George Bernard Shaw once wrote:
England and America are two countries separated by the same language.
But it’s not only England and America – there are numerous English-speaking countries separated by the same language. In fact, there are different parts of English-speaking countries likewise afflicted.
In general, I find the differences in the use of language fascinating. I’m sure by now the internet has taught everyone that the idea of ironing one’s pants has different meanings in the UK and the US. The differences in the way we use everyday words is one of the more interesting aspects of talking with people from around the world.
When it comes to writing fiction, however, these differences take on a much greater importance than mild amusement over using the phrase “fanny pack” in the wrong setting.
Know Your Character
As an Australian, it’s incredibly frustrating to read a book where an Australian character is reduced to a caricature of himself by the over-use, and incorrect use, of slang. I’ve come across Australian characters who seem to have eaten a Dictionary of Australian Slang for breakfast, and then vomited it all over the page.
Not every real-life Australian speaks like Crocodile Dundee or Steve Irwin. In fact, most Australians – particularly those who live in cities – regard them with a certain degree of cultural cringe.
While I arrange to meet a friend for a late brekky in the early arvo, before popping in to the servo and the bottle-o on the way home, I’m not going to call her “cobber” in the process, and nor am I going to exclaim “Crikey!” at the first provocation.
If you’re writing an Australian character, you need to know how Australians speak. You need to understand the way Australians use slang, and the differences between Australian and American everyday conversation.
The same obviously goes for writing a character from any other country. I have it on good authority that not every Canadian begins a conversation by asking about the hockey, and most people from Ireland don’t say, “Top o’ the morning” to everyone they pass.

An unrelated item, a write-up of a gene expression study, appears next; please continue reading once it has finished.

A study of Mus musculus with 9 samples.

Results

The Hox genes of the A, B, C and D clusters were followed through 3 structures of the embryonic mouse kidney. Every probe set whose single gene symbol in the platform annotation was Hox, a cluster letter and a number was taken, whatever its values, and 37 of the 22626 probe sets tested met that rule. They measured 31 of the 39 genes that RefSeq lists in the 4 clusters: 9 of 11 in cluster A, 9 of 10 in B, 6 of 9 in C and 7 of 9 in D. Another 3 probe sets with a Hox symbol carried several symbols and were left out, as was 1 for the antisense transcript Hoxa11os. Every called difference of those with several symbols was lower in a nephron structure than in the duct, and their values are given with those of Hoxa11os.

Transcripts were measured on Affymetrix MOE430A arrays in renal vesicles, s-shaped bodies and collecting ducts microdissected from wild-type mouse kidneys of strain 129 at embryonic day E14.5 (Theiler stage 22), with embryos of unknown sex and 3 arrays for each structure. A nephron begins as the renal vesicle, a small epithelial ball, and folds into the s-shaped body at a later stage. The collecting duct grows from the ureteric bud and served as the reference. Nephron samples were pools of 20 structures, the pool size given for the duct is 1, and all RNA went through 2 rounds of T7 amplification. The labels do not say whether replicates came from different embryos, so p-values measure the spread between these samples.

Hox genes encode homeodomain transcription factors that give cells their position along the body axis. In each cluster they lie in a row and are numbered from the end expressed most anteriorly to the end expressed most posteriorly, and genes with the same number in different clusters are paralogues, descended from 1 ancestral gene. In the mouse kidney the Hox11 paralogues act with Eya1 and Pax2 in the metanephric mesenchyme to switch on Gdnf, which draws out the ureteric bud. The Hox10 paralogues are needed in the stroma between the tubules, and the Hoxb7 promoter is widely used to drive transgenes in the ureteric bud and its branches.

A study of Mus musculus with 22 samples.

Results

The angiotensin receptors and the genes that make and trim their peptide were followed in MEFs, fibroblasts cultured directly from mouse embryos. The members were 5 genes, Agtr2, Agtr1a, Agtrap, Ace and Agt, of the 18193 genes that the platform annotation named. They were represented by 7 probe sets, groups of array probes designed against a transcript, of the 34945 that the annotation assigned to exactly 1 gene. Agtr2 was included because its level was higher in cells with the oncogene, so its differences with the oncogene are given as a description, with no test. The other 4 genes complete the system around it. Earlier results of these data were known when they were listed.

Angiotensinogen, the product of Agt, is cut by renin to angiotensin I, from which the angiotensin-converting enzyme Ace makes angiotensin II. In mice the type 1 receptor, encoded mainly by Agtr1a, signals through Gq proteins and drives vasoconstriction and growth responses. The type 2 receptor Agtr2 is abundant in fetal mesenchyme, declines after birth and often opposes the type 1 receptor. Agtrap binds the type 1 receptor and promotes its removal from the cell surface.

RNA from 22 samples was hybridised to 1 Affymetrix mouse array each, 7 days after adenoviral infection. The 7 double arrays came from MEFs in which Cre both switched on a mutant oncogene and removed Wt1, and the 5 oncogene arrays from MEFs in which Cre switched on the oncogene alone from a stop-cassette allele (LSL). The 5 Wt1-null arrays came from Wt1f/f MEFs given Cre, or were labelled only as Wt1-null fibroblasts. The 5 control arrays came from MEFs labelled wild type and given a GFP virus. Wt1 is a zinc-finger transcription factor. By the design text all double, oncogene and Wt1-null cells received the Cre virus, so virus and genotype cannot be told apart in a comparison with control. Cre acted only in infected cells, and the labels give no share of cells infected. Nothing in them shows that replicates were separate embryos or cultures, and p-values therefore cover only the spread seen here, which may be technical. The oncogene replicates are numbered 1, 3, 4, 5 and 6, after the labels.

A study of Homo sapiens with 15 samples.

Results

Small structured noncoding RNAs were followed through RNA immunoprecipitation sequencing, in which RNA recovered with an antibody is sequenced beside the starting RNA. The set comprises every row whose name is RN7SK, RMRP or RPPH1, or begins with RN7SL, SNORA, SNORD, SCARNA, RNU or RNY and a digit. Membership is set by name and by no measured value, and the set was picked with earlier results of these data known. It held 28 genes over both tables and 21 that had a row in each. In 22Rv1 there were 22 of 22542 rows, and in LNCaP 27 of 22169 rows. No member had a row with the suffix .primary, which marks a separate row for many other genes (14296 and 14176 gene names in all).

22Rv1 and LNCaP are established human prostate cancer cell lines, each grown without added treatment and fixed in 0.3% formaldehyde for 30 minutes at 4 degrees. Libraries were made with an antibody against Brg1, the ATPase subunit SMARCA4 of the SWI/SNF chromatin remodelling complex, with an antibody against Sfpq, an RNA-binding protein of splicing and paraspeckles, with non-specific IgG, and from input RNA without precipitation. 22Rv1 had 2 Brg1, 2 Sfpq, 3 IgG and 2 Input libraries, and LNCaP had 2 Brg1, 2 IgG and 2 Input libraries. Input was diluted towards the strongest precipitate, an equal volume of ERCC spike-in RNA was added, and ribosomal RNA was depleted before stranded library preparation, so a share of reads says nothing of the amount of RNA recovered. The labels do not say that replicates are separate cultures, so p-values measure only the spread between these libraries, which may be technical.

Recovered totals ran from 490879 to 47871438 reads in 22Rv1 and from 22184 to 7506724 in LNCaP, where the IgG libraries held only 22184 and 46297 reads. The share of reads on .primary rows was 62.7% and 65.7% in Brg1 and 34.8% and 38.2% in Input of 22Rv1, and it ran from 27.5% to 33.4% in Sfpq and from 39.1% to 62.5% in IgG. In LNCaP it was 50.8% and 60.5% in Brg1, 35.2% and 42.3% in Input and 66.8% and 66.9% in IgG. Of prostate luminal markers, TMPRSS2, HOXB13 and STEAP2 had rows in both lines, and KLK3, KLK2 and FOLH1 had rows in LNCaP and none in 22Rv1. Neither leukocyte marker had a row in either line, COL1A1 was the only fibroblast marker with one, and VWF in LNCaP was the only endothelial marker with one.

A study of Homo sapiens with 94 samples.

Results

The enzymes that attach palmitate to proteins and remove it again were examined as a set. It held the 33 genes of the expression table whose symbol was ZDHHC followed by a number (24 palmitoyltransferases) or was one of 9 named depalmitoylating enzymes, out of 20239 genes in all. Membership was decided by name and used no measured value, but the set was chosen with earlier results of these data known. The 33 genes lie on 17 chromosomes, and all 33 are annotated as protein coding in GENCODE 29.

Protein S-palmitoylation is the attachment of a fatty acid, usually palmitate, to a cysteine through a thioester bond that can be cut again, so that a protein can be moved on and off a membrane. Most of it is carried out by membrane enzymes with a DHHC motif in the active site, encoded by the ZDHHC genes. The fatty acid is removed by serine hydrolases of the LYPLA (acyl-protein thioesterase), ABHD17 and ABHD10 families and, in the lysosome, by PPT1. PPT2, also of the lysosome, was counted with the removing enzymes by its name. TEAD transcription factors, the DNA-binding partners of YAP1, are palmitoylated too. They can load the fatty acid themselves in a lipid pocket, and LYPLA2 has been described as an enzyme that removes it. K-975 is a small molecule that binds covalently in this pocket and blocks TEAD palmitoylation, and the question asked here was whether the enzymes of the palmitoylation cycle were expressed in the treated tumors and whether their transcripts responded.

This goes beyond not using dialect, and straight to the heart of knowing your character – knowing how she speaks and thinks.
The question, of course, is how do you do that? How do you learn how to write a character authentically if they come from a different part of the world to you?
It’s not impossible. In fact, I’ve seen it done incredibly well. But there is some extra work required.
- Get to know people from the country in question. Talk to them. Not about your novel, but about life. Pay attention to the way they phrase sentences, and the way they structure their thoughts, as well as to the specific words they use.
- Or use YouTube. One of the advantages to the wave of YouTube bloggers is that you can find YouTubers from just about every country on Earth, talking about everyday things. Watch videos made by people from your character’s country – inane unboxing videos, or vlogs about their lives are best if you want to pick up everyday language.
- Reach out to the Writer Unboxed community. One of the great things about WU is that we have a community full of people from all over the world. You may find someone who is willing to read over what you’ve written, and help you get the dialogue just right.
In the end, it’s not that different to researching the language used in Historical Fiction. Much as a 16th century noblewoman isn’t going to talk about how “lit” last night’s ball was, an Australian isn’t going to complain about AT&T – or even the coverage on their cellphone. (We may, however, complain about the reception on our mobile.)
Know Your Audience
It’s important to note, however, that unless your narrator is from a different country than yourself, I’m solely referring here to dialogue. And even then, you have to find the balance between using authentic slang and making the dialogue understandable for your audience.
I was recently helping a friend out with some dialogue in his latest novel, and we had to draw the line at using the slang phrase: “Yeah, nah.” While that’s a phrase I use quite often, it’s something that may be jarring for his predominantly American audience.
It’s Not Just Countries…
Of course, the same applies for smaller regional areas as well.
If I was to have a character say, “Why don’t y’all come inside for some sweet tea?”, it would likely feel a little jarring if I want on to explain that she’s from Detroit.
Even as an outsider, I know that there are regional variations in the way Americans speak – and that, as a writer, it’s important for me to know where in the USA my characters come from.
The same is true of other countries as well. Someone raised in Brisbane will use language significantly differently to someone raised in Melbourne. And I’m positive that the same is true of people from Montreal and Vancouver.
Do Your Research
At the end of the day, regardless of whether you’re writing a novel set in 17th century Britain or modern-day British Columbia, it’s important to get your dialogue right.
Don’t turn your characters into caricatures.
How do you go about making sure your characters speak authentically? Have you ever come across cringe-worthy dialogue from a character who is supposed to live in your region of the world?